Donald Trump's attitude toward defense spending is a weird one. He wants to invest more money in the military, to make it so big and so strong that no one will "mess with us," but also he wants to reduce how much we spend on defense and also have the military do fewer things.
It's a cake-and-eat-it-too idea: A lot more for less to do a lot less but get more. The motivation seems to be that it's popular. A big tough army that doesn't cost us as much and that doesn't go around defending weird places like Albania or whatever? Sign me up.
As he revealed the first public members of his foreign policy team during a meeting with The Washington Post's editorial board on Monday, Trump unveiled a new facet of his plan.
Trump declared U.S. involvement in NATO may need to be significantly diminished in the coming years, breaking with nearly seven decades of consensus in Washington. "We certainly can’t afford to do this anymore," Trump said, adding later, "NATO is costing us a fortune, and yes, we’re protecting Europe with NATO, but we’re spending a lot of money."
To some extent, it's of a piece with his repeated assertions that others should pay us for our international military deployments. But, interestingly, NATO -- a collection of more than two dozen mostly-European countries -- actually goes out of its way to ensure that its member nations provide relatively equal resources.
Trump's statement that "NATO is costing us a fortune" depends on how you define "fortune." The 2016 budget for the organization outlines three cost buckets: The civil budget (personnel, etc.), the military budget (obvious), and an investment mechanism allowing the organization to build its own infrastructure. Combined, the annual NATO budget is just over 2 billion euros -- or $2.3 billion.
Of that, the United States is responsible for 22.1 percent of the costs, or about $514 million dollars. That's a fortune by average-American standards, but not by Trump standards, much less U.S.-government standards. The 2016 defense budget for the U.S. is $585 billion, meaning that this NATO expenditure is only 0.09 percent of the total. So for every $100 the military spends, nine cents is spent on NATO's annual budget. And for every $100 the government spends, only about a penny is spent on NATO.
There is an imbalance in the deployment of resources within NATO. If you combine the GDP produced by every NATO member, the United States is a little less than half. If you combine all of the countries' military spending, though, the U.S. is nearly three-quarters -- meaning that the U.S. is often the source of a lot of intelligence and infrastructure. (Though not necessarily 73 percent of it, per NATO.) NATO has a plan for member nations to up their defense spending, thereby broadly improving their military capabilities and making the organization less reliant on the U.S. Update: In 2011, Robert Gates gave a speech indicating that three-quarters of NATO defense spending was paid for by the United States, and that only five of the 28 NATO members were allocating the appropriate levels of spending on defense.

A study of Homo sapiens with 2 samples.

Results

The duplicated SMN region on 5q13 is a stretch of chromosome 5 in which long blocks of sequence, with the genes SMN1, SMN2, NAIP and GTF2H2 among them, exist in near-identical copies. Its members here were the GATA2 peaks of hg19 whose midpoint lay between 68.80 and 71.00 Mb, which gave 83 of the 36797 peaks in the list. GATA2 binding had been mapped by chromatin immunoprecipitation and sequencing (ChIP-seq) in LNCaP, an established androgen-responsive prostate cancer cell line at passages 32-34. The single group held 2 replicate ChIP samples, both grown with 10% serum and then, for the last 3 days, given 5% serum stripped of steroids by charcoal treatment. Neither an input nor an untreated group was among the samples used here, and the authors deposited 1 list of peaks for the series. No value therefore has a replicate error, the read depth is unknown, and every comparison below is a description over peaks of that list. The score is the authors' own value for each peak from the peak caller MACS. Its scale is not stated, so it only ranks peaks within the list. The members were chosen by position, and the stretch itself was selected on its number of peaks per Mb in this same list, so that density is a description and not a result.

Update: Timothy Sayle, historian of NATO and postdoctoral Fellow at Southern Methodist University's Center for Presidential History, told us via email why figuring out the true cost of NATO is so tricky.
Throughout the Cold War, especially in the 1970s and after, Congress and the White House always disagreed about how much the US spent on "NATO." Congress would always give a high estimate (based on the cost of the U.S. soldiers deployed in the U.S., the cost of maintaining ships in NATO waters, etc.); the White House always argued back saying that the cost was much lower, arguing that the United States would need to maintain such forces even if there was no alliance commitment, and so they’d shave off some of the costs. The differences sometimes varied by enormous sums of money. ...
Essentially, because NATO rests on the belief and the expectation that the United States would come to the aid of any ally attacked, the costs are uncertain.
"Even though all Allies may not contribute forces to an operation," NATO's description of its funding reads, "Allies have agreed that the funding for the deployment of the NATO part of a NATO-led operation would be commonly funded." That's close to the Trump ideal.
What's not clear is how much of the resource allocation the United States spends on NATO would be in place even if NATO didn't exist, providing defensive capabilities to partners in Eastern Europe or to Turkey. After all, one of the points of NATO is to bolster military capabilities in places that are closer to strategic opponents and which may not have robust defenses of their own.
But, again, this is not a tough political play for Trump to make. In Pew Research polling from last summer, about half of Americans had a favorable view of NATO, down slightly from five years ago. Among Democrats, the figure was 56 percent; among Republicans, 43 percent. Interestingly, residents of the United States were more likely than countries in Europe to believe that we should send forces from our own country to defend an ally that was under attack from Russia. Fifty-six percent of Americans said that we should do so, compared to only 38 percent of Germans.
What's worth noting is that Trump's position is probably the most isolationist of any of the 17 people who once sought the Republican nomination. Sen. Rand Paul objected to granting NATO membership to Georgia and Ukraine, but he doesn't seem to have ever called for withdrawing from it.
There's probably a political lesson in that.